Facebook already offered the opportunity for marketers to target their promotional messages by geo-targeting specific areas, but they’ve taken this one step further by offering global brands the opportunity to build globally targeted pages. Previously, brands would have to set up individual pages for each region and manage each page separately, but now they’ll be able to house it all under one page, and centralise the management process to create a unified brand experience.
What does this all mean? Global brands will now be able to manage and maintain several different globally targeted pages under one URL, and they’ll be able to customise everything, from the cover photo to the content. At the moment this option is only available to the big name brands, so even if your small e-commerce business is showing signs of booming in Europe and you want to start marketing to them directly using Facebook, your only option will be to set up individual pages. But as with all new features it’s only a matter of time before they’ll be available to more users.
Why is this good news?
Giving brands the opportunity to manage their global brand in one place offers huge opportunities of advertising, which could see Facebook pulling in some serious money. Brands will have the opportunity to foster more local communities, where people can share their experiences with those who can identify with them. On a very basic level, it’s the difference between sharing a recipe with the measurements in cups or grams, which can easily alienate both US and UK audiences.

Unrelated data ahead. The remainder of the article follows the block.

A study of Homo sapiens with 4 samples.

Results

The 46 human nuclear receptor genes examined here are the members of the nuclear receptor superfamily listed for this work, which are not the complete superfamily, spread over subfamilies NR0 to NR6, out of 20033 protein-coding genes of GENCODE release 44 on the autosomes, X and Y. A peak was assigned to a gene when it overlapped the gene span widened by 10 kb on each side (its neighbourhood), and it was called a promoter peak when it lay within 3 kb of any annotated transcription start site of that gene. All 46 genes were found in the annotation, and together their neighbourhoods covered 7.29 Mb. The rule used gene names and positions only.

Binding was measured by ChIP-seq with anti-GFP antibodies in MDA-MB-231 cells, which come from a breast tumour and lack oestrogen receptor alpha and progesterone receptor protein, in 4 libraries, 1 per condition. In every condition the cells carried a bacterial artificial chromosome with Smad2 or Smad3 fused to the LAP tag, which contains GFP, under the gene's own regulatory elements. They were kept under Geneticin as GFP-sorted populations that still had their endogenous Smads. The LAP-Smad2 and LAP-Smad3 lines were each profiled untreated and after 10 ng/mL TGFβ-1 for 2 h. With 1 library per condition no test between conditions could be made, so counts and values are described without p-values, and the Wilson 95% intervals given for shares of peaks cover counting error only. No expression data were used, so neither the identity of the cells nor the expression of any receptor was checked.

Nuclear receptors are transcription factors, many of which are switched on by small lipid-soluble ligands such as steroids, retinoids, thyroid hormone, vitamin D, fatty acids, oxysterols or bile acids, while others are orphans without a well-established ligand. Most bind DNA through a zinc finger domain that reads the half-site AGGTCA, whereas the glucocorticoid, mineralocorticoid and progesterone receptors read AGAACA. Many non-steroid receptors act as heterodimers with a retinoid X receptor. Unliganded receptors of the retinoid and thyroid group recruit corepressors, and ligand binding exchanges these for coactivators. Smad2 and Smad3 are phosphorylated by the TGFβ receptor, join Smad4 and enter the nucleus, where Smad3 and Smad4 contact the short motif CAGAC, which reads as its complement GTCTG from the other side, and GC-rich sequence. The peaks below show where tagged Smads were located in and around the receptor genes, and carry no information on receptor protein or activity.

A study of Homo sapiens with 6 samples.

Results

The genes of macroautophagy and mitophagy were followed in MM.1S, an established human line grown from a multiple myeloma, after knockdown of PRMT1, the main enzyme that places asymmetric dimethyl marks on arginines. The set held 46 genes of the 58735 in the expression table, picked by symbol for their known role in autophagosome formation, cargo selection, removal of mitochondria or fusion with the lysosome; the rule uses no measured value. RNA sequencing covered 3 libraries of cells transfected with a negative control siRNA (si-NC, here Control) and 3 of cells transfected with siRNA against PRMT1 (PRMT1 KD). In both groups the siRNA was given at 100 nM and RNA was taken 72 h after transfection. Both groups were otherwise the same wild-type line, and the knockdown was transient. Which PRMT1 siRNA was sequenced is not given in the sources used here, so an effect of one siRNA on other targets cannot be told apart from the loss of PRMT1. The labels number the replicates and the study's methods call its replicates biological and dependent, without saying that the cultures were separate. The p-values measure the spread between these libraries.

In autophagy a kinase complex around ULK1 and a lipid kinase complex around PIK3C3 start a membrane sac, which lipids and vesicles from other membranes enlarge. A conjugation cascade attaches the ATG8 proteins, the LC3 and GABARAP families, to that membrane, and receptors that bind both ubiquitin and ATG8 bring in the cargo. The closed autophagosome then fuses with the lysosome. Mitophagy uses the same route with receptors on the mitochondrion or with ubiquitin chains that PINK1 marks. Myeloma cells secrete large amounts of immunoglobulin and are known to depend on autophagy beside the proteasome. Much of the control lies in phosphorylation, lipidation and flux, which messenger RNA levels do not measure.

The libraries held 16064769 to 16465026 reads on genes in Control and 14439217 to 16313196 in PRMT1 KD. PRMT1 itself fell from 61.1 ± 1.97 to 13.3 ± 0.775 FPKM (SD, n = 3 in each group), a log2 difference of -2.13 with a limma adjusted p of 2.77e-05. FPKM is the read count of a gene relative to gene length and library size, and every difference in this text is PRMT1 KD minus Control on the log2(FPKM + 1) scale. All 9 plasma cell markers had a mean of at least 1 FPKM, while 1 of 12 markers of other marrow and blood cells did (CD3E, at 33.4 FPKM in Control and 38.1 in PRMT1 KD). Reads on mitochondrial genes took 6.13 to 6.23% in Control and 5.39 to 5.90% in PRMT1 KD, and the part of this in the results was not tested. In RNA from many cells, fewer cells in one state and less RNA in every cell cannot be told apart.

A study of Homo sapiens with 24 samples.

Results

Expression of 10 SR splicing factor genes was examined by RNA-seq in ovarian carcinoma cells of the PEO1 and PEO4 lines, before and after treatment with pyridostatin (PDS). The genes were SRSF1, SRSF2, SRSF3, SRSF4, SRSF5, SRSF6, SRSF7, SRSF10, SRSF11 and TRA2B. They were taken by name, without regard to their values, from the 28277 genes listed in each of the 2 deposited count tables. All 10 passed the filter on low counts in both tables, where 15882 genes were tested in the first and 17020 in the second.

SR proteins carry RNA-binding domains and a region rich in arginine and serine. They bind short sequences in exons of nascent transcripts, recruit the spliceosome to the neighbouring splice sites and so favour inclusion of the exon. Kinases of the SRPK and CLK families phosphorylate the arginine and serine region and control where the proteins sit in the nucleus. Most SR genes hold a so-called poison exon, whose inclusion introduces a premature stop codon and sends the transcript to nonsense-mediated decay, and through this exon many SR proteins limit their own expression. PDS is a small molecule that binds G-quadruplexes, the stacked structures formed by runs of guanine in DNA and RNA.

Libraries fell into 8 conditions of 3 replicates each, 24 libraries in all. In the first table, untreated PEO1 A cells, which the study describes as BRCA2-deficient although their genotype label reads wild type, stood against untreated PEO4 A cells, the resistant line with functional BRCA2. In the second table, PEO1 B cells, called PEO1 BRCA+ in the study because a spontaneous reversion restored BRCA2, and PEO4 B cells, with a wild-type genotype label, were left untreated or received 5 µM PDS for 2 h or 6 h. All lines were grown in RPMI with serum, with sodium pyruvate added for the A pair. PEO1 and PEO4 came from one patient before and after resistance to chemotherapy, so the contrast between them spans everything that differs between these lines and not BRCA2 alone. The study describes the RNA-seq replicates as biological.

It will also hugely improve the social search function, as users will no longer have to look through lots of irrelevant regional pages to find the brand page they’re looking for. They’ll simply click on one page, and be directed to the local branch of that brand.
For users, it also means more relevant content, and better targeting. So rather than hearing about a L’Oreal offer in the US which is of little use to you, you’ll only see the content that is relevant to you, such as a money off L’Oreal voucher you can use at Boots.
How could it backfire?
As identified by Jordan Stone of We Are Social, these changes could have a negative impact on brands. Brands will have to be cautious about only setting up regional brand pages where there is sufficient demand to support the page, as they risk losing out on the benefits of ‘global updates’. By sending out global updates, brands reach more people and will also benefit from an improved EdgeRank. If they over-target, they’ll either miss people, or create more work for their content creators.
What do you think of these changes? Will the create more or less work for global brands?